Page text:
By Michael Podberezin, Russia Programs Coordinator at PresenTense. Thanks to the help of an ROI Micro Grant Michael attended the Limmud FSU Summit in Princeton where he gave a session on Social Entrepreneurship in Russia.
In early May, I attended the Limmud FSU summit in Princeton to give a session on Social Entrepreneurship in Russia, thanks to the invitation of the Limmud steering committee and fellow ROIer Dima Moverguz. It was a huge gathering of Russian speaking American Jews, getting together for a Shabbat of learning, discussion and discovery. Together, we learned from the likes of Rabbi Shmuley Boteach, Professor Michael Walzer, and others.
If you've ever attended a Limmud conference, you already know the principles of openness, inclusivity, and true volunteer spirit that are the pillars of these conferences. The Russian-speaking Limmud is no different, and yet adds onto those pillars adaptations necessary to attract its target audience. If I could describe it as anything, it strives to add exclusivity, and a certain elite flair to the gathering. In a way, each gathering I attended felt like being accepted into an exclusive club where everyone are equals, and all doors are open to you, which can explain why Limmud has been a pioneer in successful volunteer engagement in the community.
I think part of the reason I was invited to speak at Limmud was due to my position at PresenTense at the time, as European programmes director, in charge of our activity in Russia. But LimmudFSU in Princeton was a unique experience for me for completely personal reasons: My family made Aliyah from the USSR in 1992. I consider myself completely Israeli, my Russian has a heavy Israeli accent, I can't remember the last time I ate Borscht or Cholodets, and for almost 2 decades I completely disconnected myself, by choice, from Russian culture, until I started my position at PresenTense.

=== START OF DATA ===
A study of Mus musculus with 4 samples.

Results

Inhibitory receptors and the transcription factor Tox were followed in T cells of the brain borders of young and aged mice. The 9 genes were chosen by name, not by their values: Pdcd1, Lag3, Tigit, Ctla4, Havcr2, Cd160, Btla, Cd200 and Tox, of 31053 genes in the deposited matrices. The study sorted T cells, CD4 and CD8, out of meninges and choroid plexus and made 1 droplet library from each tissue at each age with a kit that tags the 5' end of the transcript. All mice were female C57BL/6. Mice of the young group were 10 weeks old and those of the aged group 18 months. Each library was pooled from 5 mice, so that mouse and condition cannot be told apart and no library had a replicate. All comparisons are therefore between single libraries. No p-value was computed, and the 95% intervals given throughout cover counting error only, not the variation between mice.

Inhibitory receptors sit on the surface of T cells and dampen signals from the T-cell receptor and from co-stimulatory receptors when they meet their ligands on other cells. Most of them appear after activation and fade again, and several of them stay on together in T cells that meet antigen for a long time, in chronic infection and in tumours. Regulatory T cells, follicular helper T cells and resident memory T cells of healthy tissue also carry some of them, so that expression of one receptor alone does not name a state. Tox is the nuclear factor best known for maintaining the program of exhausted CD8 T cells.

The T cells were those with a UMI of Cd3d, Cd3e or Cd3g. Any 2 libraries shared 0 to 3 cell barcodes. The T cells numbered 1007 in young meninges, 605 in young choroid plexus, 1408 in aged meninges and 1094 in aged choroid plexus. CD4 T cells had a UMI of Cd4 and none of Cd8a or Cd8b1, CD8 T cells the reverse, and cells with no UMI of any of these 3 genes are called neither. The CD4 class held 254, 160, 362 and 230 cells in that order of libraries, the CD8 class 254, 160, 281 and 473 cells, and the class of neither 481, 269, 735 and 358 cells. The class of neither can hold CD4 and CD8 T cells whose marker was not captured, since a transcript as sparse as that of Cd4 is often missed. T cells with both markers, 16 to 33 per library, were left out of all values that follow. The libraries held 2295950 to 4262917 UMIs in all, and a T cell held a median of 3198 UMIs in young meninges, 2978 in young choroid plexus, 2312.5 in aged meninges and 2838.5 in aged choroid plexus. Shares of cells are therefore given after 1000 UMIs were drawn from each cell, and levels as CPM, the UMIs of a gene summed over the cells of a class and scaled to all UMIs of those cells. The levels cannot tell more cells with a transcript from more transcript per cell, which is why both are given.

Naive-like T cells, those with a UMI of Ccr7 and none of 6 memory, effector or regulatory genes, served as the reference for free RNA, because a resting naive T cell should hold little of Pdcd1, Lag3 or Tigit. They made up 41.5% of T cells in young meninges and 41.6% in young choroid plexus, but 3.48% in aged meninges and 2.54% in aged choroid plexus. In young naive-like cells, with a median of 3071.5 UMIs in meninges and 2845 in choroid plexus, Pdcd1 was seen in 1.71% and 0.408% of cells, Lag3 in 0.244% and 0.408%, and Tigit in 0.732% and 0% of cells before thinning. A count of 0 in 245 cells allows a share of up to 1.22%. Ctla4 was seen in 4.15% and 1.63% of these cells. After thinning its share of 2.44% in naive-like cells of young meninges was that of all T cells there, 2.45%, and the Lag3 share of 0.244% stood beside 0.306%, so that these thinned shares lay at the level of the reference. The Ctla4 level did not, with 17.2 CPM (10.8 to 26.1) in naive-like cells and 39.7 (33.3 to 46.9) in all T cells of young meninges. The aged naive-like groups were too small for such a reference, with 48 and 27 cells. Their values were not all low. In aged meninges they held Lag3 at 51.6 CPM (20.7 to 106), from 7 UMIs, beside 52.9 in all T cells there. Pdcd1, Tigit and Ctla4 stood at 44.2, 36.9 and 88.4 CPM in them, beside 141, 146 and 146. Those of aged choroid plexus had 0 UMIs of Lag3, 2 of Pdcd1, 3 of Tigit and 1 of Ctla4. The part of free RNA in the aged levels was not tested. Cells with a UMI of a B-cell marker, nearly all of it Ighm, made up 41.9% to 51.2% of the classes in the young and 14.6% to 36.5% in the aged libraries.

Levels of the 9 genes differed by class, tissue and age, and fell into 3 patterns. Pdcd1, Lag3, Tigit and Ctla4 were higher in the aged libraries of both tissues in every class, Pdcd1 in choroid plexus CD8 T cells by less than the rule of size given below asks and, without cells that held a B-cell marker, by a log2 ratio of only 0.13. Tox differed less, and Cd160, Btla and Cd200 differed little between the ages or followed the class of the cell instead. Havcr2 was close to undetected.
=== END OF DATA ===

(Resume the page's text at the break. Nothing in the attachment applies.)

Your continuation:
And this, I think, is where Limmud FSU is so unique. Normally, most Russian immigrants who have chosen to give preference to a new identity in a new country are not welcome, and feel out of place in Russian speaking events. It works the other way as well: often times people who chose to preserve their Russian identity feel strange in a purely assimilated environment.
Limmud FSU was the first time I've seen the two groups come together. Communicating, without trying to convince each other to make different choices, and most importantly learning more about their Jewish identity together. There was no pressure to conform to either side, and English conversations mingled with Russian and Hebrew ones. In a way, it seemed strange for things to work differently in the outside world.
I spent most of my time at the summit marvelling just at that. While I've heard quite a few lectures during the summit, and enjoyed meeting those who attended my session, my main take away was the spirit of “inclusivity” that Lynn always talks about. And also the belief that we are capable of learning together regardless of the choices that one makes. A true Limmud.